GREENVILLE, N.C. (WNCT) – In this week’s Growing The East, an inside look at the cleanup at Pitt-Greenville Airport.
No flights have taken off or landed at PGV since Sunday, October 9 because of flooding from the Tar River.
Now that the water is receding, the airport’s executive director gave 9 On Your Side a tour of the facility to get a look at what’s being done to get the airport back up and running.
“Almost everything but the terminal building went under water,” said Betty Stansbury, Executive Director, Pitt-Greenville Airport. She took 9 On Your Side down runway at the airport Tuesday for a look at what they are doing to get PGV back to normal.
Even though the water is quickly receding, there’s a lot of work ahead.
“There’s a number of steps that we have to do,” she explained. “We have to clean all the debris of the runways, taxiways and ramps so they don’t damage aircraft. Many of our lights went underwater, so before we can turn the power back on to them we have to dry those out.”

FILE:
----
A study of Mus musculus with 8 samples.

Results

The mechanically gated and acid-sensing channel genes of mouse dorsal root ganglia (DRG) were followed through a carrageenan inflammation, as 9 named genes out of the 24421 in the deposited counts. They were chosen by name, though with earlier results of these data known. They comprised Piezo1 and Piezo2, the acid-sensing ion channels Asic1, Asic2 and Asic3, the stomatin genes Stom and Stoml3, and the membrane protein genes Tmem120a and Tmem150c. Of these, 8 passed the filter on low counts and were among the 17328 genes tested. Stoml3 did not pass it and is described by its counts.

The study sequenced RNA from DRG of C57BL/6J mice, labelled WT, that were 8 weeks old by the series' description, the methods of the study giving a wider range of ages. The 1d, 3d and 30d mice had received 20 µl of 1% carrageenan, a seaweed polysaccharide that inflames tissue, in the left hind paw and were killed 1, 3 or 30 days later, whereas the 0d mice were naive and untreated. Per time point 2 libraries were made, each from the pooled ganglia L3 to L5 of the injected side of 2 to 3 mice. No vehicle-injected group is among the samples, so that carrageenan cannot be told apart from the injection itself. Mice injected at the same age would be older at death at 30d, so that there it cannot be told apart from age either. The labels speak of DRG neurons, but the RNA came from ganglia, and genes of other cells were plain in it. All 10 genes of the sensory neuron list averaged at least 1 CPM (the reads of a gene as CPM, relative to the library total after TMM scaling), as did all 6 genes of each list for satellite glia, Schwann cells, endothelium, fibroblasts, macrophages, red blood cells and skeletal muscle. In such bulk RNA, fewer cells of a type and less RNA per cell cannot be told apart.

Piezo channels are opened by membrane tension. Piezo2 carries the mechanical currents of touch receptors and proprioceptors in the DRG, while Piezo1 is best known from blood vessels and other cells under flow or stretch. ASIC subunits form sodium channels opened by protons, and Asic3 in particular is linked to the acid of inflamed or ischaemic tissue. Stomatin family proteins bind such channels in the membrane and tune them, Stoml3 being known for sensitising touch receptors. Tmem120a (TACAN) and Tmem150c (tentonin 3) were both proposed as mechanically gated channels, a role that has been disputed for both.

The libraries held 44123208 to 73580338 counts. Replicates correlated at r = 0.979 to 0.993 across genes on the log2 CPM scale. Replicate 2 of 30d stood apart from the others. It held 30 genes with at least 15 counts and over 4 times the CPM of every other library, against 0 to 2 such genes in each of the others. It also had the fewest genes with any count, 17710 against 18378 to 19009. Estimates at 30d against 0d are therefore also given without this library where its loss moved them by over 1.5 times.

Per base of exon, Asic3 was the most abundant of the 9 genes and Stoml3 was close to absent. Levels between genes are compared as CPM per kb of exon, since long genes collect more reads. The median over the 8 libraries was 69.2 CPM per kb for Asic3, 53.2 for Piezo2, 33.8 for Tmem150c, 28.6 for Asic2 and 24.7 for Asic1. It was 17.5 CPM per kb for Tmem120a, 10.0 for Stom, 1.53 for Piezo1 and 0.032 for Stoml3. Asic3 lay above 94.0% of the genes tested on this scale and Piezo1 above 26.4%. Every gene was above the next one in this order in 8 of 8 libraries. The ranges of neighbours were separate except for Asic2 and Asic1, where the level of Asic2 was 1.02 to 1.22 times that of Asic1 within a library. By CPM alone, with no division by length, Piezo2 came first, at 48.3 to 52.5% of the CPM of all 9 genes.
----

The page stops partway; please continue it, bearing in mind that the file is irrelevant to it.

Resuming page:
Crews are checking the stability of the pavement to make sure it can support the weight of an aircraft.
It’s the second time in 17 years the airport saw major flooding. And Stansbury said they learned a lot from what they experienced during Hurricane Floyd.
“We were able to get all of the aircraft with one exception, every aircraft that was able to fly off the field,” said Stansbury. “We had enough advance warning so we didn’t have the kind of damage that we had last time. Also the levels of the water didn’t get quite as high as Floyd. The terminal building flooded during Floyd. In this case, the terminal got within about six inches of the water.”
It was a different story in the parking lot. Many passenger’s cars were left with water damage.
PGV is not only looking ahead to re-opening the airport, but to what can be done in the future to lessen the impact of a major flood.
“We’re going to be having those discussions here with the Federal Aviation Administration, with the state aviation agency, to see if there’s anything we can do to limit the amount of damage the next time the Tar floods,” she added. “So we’ve got to find a way to manage the risk associated with being next to a river that floods.”
The airport will reopen Wednesday at 8:00am for general aviation flights. Airline flights are expected to resume Friday morning.